You may like the idea of stopping by that nail salon down the street from work, but proximity is not the best gauge of a good manicurist. If you're getting your nails done once a week, location and price will be factors in your selection, but your first concern should always be about safety.
Most U.S. states have regulations in place for the safe operation of day spas, nail salons and hair salons. In these days of cutbacks, though, inspectors may not be getting to all locations on a regular rotation the way they used to. Check with the Better Business Bureau in your area before you choose a salon, and ask for recommendations from people you know. An endorsement from a neighbor who uses the salon is helpful, but you should also:
Keep it legal. Make sure the salon and its technicians are licensed to operate in your state. Many salons hang their certificates in prominent locations, so check out the décor -- especially around the counter or cash register.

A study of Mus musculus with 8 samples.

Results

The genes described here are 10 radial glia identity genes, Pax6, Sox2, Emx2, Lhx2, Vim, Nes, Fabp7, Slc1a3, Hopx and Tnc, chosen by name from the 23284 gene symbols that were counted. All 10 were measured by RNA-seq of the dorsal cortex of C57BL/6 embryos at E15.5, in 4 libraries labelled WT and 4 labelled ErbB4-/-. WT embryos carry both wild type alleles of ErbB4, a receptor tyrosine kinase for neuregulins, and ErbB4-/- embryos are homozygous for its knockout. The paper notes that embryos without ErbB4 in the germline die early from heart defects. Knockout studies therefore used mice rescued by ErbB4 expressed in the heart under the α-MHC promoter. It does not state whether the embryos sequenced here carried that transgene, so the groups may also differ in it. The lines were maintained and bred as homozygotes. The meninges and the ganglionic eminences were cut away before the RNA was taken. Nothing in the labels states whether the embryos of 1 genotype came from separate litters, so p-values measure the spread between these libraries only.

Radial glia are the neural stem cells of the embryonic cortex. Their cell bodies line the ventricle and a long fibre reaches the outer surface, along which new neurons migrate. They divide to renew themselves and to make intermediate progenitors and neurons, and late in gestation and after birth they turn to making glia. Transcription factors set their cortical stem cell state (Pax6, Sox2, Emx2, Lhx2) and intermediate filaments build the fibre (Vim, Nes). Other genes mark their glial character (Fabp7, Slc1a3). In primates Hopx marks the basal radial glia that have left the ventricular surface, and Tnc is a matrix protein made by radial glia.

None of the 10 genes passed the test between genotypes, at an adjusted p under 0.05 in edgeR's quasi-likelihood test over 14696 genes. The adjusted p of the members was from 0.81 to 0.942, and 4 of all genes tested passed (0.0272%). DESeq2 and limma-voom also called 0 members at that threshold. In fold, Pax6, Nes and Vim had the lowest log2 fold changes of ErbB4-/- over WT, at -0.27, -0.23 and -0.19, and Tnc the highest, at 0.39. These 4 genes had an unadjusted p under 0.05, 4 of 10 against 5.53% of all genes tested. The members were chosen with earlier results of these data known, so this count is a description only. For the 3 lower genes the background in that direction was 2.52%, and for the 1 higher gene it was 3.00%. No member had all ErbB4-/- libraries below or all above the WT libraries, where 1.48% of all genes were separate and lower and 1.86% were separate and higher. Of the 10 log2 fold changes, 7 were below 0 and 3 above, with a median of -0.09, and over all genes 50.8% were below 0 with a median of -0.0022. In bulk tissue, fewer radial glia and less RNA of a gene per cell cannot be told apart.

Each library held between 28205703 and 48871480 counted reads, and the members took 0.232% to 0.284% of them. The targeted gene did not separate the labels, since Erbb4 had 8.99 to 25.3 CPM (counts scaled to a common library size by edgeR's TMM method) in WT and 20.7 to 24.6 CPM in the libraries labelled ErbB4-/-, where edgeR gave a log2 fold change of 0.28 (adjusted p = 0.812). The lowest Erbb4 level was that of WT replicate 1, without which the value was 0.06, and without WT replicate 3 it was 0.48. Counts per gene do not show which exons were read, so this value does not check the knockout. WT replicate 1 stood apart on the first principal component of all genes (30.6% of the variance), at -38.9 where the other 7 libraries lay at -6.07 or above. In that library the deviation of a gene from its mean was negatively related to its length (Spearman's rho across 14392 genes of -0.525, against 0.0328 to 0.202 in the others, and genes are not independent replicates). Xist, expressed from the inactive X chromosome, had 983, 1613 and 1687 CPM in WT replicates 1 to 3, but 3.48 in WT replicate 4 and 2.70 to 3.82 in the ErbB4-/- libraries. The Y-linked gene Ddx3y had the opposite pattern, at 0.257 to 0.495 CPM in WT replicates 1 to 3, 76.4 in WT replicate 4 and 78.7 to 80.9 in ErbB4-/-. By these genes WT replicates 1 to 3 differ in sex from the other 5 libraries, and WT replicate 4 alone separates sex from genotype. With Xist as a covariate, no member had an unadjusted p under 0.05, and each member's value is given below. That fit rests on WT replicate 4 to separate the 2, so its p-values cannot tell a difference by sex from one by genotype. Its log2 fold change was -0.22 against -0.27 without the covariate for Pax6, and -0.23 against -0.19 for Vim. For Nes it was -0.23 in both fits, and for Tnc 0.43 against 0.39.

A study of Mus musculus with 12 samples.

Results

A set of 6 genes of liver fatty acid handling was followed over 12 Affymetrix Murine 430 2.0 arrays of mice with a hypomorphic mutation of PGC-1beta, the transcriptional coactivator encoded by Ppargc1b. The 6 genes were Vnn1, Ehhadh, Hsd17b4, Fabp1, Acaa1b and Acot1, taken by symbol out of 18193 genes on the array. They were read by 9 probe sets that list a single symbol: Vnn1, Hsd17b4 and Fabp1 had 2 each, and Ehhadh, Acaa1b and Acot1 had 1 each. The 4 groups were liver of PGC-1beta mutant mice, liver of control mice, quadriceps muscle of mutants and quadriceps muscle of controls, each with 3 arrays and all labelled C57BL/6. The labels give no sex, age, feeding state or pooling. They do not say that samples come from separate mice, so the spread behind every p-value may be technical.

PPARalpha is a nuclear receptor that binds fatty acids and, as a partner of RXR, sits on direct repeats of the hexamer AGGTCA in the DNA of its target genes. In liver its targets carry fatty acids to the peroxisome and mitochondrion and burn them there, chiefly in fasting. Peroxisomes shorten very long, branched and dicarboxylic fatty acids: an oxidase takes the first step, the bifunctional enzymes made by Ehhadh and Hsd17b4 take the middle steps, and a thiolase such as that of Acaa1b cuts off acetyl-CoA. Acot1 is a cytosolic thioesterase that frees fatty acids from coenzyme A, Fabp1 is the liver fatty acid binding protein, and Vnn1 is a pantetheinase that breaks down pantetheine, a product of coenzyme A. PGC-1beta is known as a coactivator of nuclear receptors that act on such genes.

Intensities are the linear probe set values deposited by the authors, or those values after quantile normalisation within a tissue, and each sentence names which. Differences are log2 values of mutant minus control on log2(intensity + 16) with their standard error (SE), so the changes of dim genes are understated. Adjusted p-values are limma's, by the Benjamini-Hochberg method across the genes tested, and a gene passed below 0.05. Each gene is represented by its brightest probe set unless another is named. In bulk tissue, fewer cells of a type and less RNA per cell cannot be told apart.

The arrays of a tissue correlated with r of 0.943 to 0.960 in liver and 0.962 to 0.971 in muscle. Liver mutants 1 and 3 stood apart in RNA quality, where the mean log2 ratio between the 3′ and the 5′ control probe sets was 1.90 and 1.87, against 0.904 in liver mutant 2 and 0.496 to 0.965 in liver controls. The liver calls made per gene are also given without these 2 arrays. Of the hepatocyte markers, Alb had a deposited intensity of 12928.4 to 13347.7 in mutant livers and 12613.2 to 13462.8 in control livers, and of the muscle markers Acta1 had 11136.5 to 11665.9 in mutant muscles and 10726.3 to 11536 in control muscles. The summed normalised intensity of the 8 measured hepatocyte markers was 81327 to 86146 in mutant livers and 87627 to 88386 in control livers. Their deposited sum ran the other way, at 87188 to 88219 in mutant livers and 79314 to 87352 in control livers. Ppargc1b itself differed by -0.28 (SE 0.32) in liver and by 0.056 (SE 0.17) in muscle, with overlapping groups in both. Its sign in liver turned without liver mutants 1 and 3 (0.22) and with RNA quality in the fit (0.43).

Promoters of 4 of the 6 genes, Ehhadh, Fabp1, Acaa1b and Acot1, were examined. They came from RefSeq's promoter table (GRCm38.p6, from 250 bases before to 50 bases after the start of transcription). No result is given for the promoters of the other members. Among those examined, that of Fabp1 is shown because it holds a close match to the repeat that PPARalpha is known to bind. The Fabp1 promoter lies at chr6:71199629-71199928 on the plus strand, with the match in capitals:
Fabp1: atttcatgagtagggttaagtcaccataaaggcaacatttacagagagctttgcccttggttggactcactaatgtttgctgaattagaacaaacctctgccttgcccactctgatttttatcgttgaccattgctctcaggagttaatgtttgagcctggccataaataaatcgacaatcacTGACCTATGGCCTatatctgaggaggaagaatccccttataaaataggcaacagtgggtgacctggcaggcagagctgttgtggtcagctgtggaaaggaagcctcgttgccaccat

Ask about cleanliness. Ask for a rundown of the measures the salon takes to maintain cleanliness. A reputable salon will be glad to explain its procedures. Choose a location that uses an autoclave or sterilizing UV light to clean its tools.
Ask for a tour. Individual nail tables (stations) should be free of dust, well-organized and stocked with plenty of single-use items like cotton swabs. You may not be a cleanliness expert (and you shouldn't have to be), but transparency is important. If asking to take a look around is met with resistance and annoyance, take your business to another salon.
Take a sniff. If you can smell strong chemicals or something worse when you walk through the door, it may be a sign that the salon is dirty or its ventilation system isn't equal to the task of removing nail dust, dead skin cells, acetone fumes and other airborne particulates. That noxious air can do more than make your hair and clothes smell bad. It has the potential to make you sick. If the place smells nasty or stuffy, you're in the wrong salon.